EUGENE, Ore. – Bo Nix has seen this all before.

A three-year starter at Auburn, Nix transferred to Oregon in the offseason and now finds himself in a competition at quarterback with young prospects Ty Thompson and Jay Butterfield.

Nix competed with LSU transfer T.J. Finley at Auburn during fall camp last year. He won the job, but was replaced by Finley in mid-November when be broke his ankle.

Nix said it’s been the same every fall camp since he was a freshman: He pours himself into securing the job.

“I wanted that really bad obviously,” he said. “It’s something that I’ve always wanted to do and so I put my life to it, and that’s just what I’ve been doing for the past couple of years, all this these competitions. I mean, you really do have to put your life to it and everything’s got to be about it.”

The former five-star recruit started the first 34 games of his career at Auburn before the season-ending ankle injury. Last season threw for 2,294 yards with 11 touchdowns and three interceptions. Known for his mobility, he also ran for four touchdowns. But the Tigers, under first-year head coach Bryan Harsin, struggled somewhat and finished 6-7 for their first season below .500 since 2012.

Nix joins a team that is going through its own transition: The Ducks are embarking on their first season under Dan Lanning, former defensive coordinator and linebackers coach at Georgia. Oregon opens fall camp on Friday.

Nix said that even in SEC country Oregon is a well-known and respected team, which is why he settled on the Ducks.

“The brand of Oregon, the ‘O’ itself signifies so much in college football, year in and year out, they have a chance to be in the top four in the country,” he said. “That’s what I wanted to be a part of. I wanted to be able to play and have a chance to play in the playoff. And I know that with my skills I could contribute.”

The move also reunites him with new Oregon offensive coordinator Kenny Dillingham, who was Auburn’s offensive coordinator and quarterbacks coach when Nix was a freshman. That year Nix won SEC Freshman of the Year honors.

Nix, the son of former Auburn quarterback Patrick Nix, is more comfortable in Eugene since getting married in the offseason. At 22, he’s among the oldest players on the team.

“Especially now being here, I feel like the oldest guy. Even though it’s not necessarily my age. People kind of look at me because I’m already married, I’ve been through a lot, they kind of assume that I’m just a lot older,” Nix said. “Which is a good thing, because we have a lot of younger guys that haven’t had same experience.”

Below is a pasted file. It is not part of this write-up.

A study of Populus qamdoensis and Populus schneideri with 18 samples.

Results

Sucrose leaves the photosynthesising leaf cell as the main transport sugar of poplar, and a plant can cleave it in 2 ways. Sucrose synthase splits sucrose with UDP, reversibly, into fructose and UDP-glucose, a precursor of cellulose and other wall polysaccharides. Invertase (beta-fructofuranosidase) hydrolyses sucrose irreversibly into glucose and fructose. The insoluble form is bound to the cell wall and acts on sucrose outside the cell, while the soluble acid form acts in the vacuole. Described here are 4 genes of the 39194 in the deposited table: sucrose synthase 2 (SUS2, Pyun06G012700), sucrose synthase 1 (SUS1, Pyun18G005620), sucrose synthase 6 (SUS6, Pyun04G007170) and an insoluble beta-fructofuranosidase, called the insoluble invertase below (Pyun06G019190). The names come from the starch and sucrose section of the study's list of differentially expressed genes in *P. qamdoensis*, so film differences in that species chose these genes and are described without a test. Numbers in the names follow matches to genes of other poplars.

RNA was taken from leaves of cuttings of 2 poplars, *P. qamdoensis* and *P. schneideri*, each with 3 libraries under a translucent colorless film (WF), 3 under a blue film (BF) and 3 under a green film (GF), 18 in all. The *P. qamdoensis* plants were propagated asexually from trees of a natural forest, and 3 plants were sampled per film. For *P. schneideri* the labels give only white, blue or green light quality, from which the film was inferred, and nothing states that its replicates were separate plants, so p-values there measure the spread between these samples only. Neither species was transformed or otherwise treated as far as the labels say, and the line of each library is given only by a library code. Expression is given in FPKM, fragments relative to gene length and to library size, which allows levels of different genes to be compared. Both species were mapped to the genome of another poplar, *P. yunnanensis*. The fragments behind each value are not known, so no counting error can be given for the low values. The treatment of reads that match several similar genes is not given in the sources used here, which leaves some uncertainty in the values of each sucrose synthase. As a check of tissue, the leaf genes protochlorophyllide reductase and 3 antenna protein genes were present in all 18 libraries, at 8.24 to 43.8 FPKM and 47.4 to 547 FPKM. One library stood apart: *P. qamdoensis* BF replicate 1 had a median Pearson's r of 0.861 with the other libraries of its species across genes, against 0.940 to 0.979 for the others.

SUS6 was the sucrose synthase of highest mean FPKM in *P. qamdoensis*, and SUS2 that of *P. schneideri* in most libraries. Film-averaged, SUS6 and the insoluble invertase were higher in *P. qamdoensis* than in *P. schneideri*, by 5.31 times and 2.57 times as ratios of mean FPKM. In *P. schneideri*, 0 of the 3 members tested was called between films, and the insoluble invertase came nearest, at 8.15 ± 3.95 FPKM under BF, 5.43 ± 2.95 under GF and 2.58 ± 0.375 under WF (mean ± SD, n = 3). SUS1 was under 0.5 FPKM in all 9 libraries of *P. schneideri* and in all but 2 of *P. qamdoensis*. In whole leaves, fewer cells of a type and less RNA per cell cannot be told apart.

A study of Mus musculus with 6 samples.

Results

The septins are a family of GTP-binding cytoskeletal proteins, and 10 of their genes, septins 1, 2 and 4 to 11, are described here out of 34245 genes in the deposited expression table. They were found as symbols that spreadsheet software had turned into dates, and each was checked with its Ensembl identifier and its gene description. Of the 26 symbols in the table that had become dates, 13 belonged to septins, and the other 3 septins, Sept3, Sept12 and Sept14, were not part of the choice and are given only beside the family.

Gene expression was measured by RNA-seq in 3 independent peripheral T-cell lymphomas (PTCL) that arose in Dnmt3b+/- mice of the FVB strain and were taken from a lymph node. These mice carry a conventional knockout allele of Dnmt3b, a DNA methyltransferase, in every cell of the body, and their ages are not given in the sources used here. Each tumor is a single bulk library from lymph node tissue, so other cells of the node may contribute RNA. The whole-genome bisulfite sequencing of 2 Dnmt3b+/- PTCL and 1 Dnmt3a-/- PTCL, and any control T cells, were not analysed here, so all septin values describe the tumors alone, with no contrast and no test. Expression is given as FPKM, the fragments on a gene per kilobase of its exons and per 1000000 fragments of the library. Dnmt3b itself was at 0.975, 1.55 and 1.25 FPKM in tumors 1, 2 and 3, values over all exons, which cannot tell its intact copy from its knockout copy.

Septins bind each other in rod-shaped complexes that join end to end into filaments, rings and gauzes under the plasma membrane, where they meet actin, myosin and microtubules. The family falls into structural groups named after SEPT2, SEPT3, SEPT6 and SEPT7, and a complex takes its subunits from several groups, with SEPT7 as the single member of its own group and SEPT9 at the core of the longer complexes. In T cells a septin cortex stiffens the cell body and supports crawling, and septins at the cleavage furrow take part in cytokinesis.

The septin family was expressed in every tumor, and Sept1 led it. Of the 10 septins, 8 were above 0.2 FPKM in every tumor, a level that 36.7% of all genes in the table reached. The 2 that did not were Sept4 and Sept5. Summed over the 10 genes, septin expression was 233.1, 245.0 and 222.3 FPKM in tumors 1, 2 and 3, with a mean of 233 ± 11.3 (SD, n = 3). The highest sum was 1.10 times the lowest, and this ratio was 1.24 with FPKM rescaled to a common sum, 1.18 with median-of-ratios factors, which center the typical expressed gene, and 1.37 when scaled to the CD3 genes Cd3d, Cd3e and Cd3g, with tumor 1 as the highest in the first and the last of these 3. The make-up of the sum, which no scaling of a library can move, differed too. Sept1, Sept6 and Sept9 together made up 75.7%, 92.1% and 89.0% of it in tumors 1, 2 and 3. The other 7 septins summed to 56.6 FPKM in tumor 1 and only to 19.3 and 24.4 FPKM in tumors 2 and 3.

Thompson, his main competition, played in three games last season as a true freshman while redshirting. He passed for 87 total yards with two touchdowns and one interception.

But players say Butterfield, who appeared in one game last season, is in the mix, too.

“We’re going to compete at quarterback like we do at every position,” Lanning said. “I’m really excited that we have quarterbacks that can play winning football at the University of Oregon,” Lanning said. “If I felt like it gave us a competitive advantage to tell you, I would. I don’t.”

While Nix is the presumed front-runner in the competition because of his experience, he also serves as a mentor to Thompson and Butterfield.

“Bo is a natural born leader. He’s like a coach on the field sometimes. He’s obviously older, he’s going into his fourth year in college and he’s been-there, done-that in the SEC,” Thompson said. “So he knows his way around the field and he just does a really good job vocalizing stuff like that. And he’s a really good athlete, we all know that.”

A note on comments

Our current commenting system, The World Table, is shutting down effective July 31. Ahead of then, we'll be transitioning to a new commenting system that will only require your subscriber credentials to log in. We'll be testing and deploying this new system in the coming days. Please email webmaster@observer-reporter.com or call 724-222-2200 ext. 2421 with any questions or concerns. Thanks for reading and commenting!

Copyright 2022 The Associated Press. All rights reserved. This material may not be published, broadcast, rewritten or redistributed without permission.

(0) comments

Welcome to the discussion.

Keep it Clean. Please avoid obscene, vulgar, lewd, racist or sexually-oriented language.
PLEASE TURN OFF YOUR CAPS LOCK.
Don't Threaten. Threats of harming another person will not be tolerated.
Be Truthful. Don't knowingly lie about anyone or anything.
Be Nice. No racism, sexism or any sort of -ism that is degrading to another person.
Be Proactive. Use the 'Report' link on each comment to let us know of abusive posts.
Share with Us. We'd love to hear eyewitness accounts, the history behind an article. See official rules here.

Thank you for reading!

Please purchase a subscription to continue reading. If you have a subscription, please Log In.